Why sending a child to university is cheaper than you think

Parents in for a pleasant surprise



(Image courtesy of anankkml/FreeDigitalPhotos.net)

Many parents steel themselves for a hefty bill when their kids head off to college: Canadian universities estimate a typical student will spend $20,000 a year on living expenses, rent and academic fees. But financial planner Barbara Garbens says that when you look at your out-of-pocket expenses, you could be in for a pleasant surprise.

That’s because costs like clothing, transportation, groceries and entertainment aren’t additional—they’re already part of your family’s budget. It’s also worth remembering that most students are eligible for some kind of tuition assistance these days. In Ontario, students whose parents make less than $160,000 per year receive a 30% tuition rebate (or about $1,800).

On top of that, students who work full-time during the summer can reasonably help subsidize schooling costs by $4,000.

Possible savings over one school year*

Total cost: $20,000

-$4,700 existing living expenses

-$4,000 student contribution through job

-$1,800 tuition rebate

Actual Cost: $9,500

* 8 months

5 comments on “Why sending a child to university is cheaper than you think

  1. What great bit of boondoggle. Four years at $9,500 is $38,000 and then what? Does the child return home highly educated with no employment in sight? Better by far to go to College and get a trade, then at least they could find some paying work and leave home.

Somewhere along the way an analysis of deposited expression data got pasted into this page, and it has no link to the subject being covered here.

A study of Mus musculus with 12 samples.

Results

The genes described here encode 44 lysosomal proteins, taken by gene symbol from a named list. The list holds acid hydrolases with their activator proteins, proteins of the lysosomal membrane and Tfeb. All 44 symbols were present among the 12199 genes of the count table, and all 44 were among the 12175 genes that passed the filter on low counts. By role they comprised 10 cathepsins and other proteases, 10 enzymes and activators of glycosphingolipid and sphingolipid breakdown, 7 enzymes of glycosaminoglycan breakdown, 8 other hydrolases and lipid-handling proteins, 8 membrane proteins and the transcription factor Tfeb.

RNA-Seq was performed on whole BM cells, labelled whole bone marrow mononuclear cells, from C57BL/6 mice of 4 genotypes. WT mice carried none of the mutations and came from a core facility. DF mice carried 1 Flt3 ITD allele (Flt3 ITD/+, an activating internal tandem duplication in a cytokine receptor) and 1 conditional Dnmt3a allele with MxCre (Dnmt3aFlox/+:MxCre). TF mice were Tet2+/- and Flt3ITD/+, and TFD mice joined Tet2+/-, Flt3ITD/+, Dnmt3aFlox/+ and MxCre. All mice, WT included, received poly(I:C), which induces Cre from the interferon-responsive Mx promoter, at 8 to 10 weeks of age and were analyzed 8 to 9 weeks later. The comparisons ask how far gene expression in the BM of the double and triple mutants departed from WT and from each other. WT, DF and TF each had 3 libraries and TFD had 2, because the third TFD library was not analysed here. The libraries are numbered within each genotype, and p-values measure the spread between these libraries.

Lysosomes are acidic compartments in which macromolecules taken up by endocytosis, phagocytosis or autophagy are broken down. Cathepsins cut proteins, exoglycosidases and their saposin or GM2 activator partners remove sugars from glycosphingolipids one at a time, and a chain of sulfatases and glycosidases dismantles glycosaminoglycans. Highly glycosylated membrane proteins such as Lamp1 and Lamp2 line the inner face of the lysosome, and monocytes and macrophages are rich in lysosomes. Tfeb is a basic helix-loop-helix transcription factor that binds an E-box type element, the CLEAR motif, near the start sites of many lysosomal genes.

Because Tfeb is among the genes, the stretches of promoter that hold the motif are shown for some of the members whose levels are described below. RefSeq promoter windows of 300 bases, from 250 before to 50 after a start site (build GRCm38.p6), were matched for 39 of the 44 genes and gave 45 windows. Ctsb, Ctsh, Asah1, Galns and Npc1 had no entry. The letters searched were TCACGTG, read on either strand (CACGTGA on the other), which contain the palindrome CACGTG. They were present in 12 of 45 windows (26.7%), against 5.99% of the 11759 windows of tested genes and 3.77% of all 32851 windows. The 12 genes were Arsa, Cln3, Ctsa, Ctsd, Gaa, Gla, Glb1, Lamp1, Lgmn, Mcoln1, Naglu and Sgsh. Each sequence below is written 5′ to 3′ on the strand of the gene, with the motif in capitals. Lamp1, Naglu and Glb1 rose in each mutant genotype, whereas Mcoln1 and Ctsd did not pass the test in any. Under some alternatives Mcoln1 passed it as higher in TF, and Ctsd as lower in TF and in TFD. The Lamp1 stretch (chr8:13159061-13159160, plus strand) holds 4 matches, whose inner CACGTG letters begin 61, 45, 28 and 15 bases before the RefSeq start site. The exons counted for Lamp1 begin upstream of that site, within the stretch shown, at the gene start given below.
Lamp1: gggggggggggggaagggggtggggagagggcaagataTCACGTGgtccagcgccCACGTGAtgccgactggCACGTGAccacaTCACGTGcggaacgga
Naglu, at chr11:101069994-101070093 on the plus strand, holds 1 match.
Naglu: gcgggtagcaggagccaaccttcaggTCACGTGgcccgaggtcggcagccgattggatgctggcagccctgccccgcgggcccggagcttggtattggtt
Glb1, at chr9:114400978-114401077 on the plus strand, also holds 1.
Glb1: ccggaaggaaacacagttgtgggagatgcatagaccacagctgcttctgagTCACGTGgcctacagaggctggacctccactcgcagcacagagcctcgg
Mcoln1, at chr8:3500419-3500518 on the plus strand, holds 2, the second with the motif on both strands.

• Have to agree with Gee Whiz that many bachelor degrees are no longer very valuable. Stephen Harper is obviously horrified by science and technology. (And arts ? Forgetaboutit!), The former employee of Imperial Oil has created policies have ensured that the vast majority of new jobs in this country are related to oil or real estate. ( As of March, Statistics Canada reported that Alberta is responsible for almost all the new net jobs generated in the past year!) So a few jobs for the many engineering graduates (With salaries battered down by the flood of job seekers, natch.) and many jobs for maintaining oil pipes. Yeah, good paying jobs- until this oil boom ends. The rest of you new U grads? ReMax and Cosco await!


  2. That’s great for Ontario but what about the rest of us? Why can’t they offer the $4000 in other provinces? Besides- I agree with the last comment- to what end? Our daughter has graduated with very hi grades in University and now VOLUNTEERS as there are no jobs available!


  3. I’m fairly sure it doesn’t cost most families an additional $400/month to house their child, so I really don’t understand the “living expenses” column unless it also includes food (which would still be very very high). I also can say from experience getting a job that will give you $4000 in a summer can be difficult to find – ANY job can be difficult to find, especially for only the summer. Also keep in mind that the tuition rebate only applies to young students on their first degree, straight out of high school. Not everyone will qualify just as most people don’t actually qualify for OSAP either.


  4. What would the rebate be for parents that make 200K?